BP admits Gulf failings - but looks to spread the blame around

BP's trying to strike an impossible balance with its new report on the Deepwater Horizon explosion...

by James Taylor
Last Updated: 19 Aug 2013
BP has just published the findings of its internal investigation into the Gulf of Mexico oil spill disaster and our first impression is that its two (rather conflicting) priorities are immediately evident. On the one hand, this is at least partly a PR exercise, designed to help in the rehabilitation of its battered reputation – so there had to be a degree of mea culpa about it. On the other, admitting too much responsibility would potentially expose it to billions of dollars worth of lawsuits. So the result is pretty much as you'd expect: BP admits that it made mistakes, but suggests that its suppliers were also at fault. Judging by the bounce in its share price, the market seems to think that this blame-shifting strategy is a good one...

Today's report, based on an investigation conducted by BP's head of safety Mark Bly, with the help of independent experts, sets outs its stall from the very first sentence of the accompanying statement: 'No single factor caused the Macondo well tragedy,' it insists. Rather, it was due to 'a sequence of failures involving a number of different parties', arising from 'a complex and interlinked series of mechanical failures, human judgments, engineering design, operational implementation and team interfaces'. In other words: stop blaming it all on us, America.

BP did admit that it got some stuff wrong – notably in failing to spot that things were going wrong. But outgoing boss Tony Hayward defended BP's much-criticised well design, saying it appeared 'unlikely' that it contributed to the explosion. And the oil giant pointed the finger at a 'bad cement job' by Halliburton, while also suggesting that Transocean rig crew failed to react to the danger signs.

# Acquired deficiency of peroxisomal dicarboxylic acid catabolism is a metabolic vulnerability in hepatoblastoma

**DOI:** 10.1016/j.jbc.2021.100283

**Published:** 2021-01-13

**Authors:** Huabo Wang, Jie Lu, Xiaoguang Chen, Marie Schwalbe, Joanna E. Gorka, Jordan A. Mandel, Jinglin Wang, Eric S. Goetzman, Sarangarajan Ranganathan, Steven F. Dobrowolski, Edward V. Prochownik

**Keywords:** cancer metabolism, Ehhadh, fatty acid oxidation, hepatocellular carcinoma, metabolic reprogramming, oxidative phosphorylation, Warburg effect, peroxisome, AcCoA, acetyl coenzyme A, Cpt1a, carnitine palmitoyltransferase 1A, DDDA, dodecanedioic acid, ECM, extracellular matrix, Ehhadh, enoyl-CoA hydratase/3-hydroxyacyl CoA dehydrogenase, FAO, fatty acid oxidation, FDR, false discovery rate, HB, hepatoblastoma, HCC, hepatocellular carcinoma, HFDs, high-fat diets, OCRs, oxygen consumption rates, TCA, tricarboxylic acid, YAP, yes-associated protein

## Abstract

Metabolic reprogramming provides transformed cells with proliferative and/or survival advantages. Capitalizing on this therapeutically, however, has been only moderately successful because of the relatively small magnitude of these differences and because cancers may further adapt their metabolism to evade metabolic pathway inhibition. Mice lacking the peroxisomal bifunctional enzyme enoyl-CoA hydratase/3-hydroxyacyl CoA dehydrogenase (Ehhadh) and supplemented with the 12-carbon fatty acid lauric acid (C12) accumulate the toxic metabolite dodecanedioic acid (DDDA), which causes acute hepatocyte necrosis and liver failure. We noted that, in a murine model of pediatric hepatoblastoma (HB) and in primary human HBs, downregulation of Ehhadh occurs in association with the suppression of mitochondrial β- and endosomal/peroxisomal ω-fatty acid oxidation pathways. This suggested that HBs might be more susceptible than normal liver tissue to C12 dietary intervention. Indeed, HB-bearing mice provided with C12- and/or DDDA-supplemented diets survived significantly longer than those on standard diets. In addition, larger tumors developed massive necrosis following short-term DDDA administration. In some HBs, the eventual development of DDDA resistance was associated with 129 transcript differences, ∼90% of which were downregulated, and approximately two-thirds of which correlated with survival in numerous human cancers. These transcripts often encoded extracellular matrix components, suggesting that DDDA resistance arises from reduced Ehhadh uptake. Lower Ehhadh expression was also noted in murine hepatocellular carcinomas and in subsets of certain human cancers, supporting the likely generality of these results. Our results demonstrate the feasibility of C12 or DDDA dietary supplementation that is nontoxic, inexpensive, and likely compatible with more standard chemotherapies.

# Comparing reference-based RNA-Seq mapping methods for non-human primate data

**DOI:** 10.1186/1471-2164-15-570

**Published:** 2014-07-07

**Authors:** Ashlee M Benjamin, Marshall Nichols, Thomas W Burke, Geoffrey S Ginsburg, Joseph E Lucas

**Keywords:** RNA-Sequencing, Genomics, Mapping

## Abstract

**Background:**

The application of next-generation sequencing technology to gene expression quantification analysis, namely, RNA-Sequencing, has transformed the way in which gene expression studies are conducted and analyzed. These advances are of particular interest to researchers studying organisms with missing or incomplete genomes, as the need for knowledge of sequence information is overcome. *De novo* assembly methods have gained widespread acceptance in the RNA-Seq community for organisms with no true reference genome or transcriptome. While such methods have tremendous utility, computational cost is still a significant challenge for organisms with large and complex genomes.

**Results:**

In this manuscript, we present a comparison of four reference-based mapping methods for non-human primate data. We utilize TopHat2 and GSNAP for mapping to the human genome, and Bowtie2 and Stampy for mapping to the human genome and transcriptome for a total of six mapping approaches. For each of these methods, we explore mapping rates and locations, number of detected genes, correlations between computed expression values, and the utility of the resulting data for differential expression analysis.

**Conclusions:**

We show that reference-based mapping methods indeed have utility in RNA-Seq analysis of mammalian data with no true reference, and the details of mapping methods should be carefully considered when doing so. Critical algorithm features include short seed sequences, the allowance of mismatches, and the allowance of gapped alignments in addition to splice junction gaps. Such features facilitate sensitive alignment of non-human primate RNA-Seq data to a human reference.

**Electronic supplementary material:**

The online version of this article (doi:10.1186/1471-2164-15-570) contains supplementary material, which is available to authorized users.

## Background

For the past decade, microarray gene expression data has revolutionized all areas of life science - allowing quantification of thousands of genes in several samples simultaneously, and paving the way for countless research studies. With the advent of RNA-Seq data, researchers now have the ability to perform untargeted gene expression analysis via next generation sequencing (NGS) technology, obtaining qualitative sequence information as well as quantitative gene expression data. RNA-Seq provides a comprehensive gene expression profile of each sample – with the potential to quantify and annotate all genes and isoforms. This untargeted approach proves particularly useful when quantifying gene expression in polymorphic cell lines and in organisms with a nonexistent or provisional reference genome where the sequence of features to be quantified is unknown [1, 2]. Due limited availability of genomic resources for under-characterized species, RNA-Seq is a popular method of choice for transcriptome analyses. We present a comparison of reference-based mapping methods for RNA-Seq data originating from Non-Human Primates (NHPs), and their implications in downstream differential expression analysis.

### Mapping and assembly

Perhaps the biggest question mark still concerns the blow-out preventer, which, as its name rather suggests, is supposed to stop this sort of thing happening. The original bit of kit was made by Cameron International and then bought by Transocean. But there was a suggestion last month (possibly emanating from one of those two, we'd hazard a wild guess) that BP had had it modified in China – and that this had altered it so much that anything that went wrong susequently was entirely BP's fault. But this BOP has only just been rescued from the sea-bed, so we'll have to wait and see what the precise fault was.

As new boss Bob Dudley stressed today, BP has always said that responsibility should be shared equally between all those involved, rather than BP getting absolutely all the blame as it has done so far (particularly in the US). It clearly hopes this report will go some way towards proving that – which would be great for BP, becasue it will presumably reduce the eventual sum it has to shell out in compensation. And the market seems to rate this strategy, judging by the rise in its share price today.

Then again, BP is still worth less than two-thirds of its pre-explosion value, so it's got a long way to go. But this could turn out to be another step in the right direction.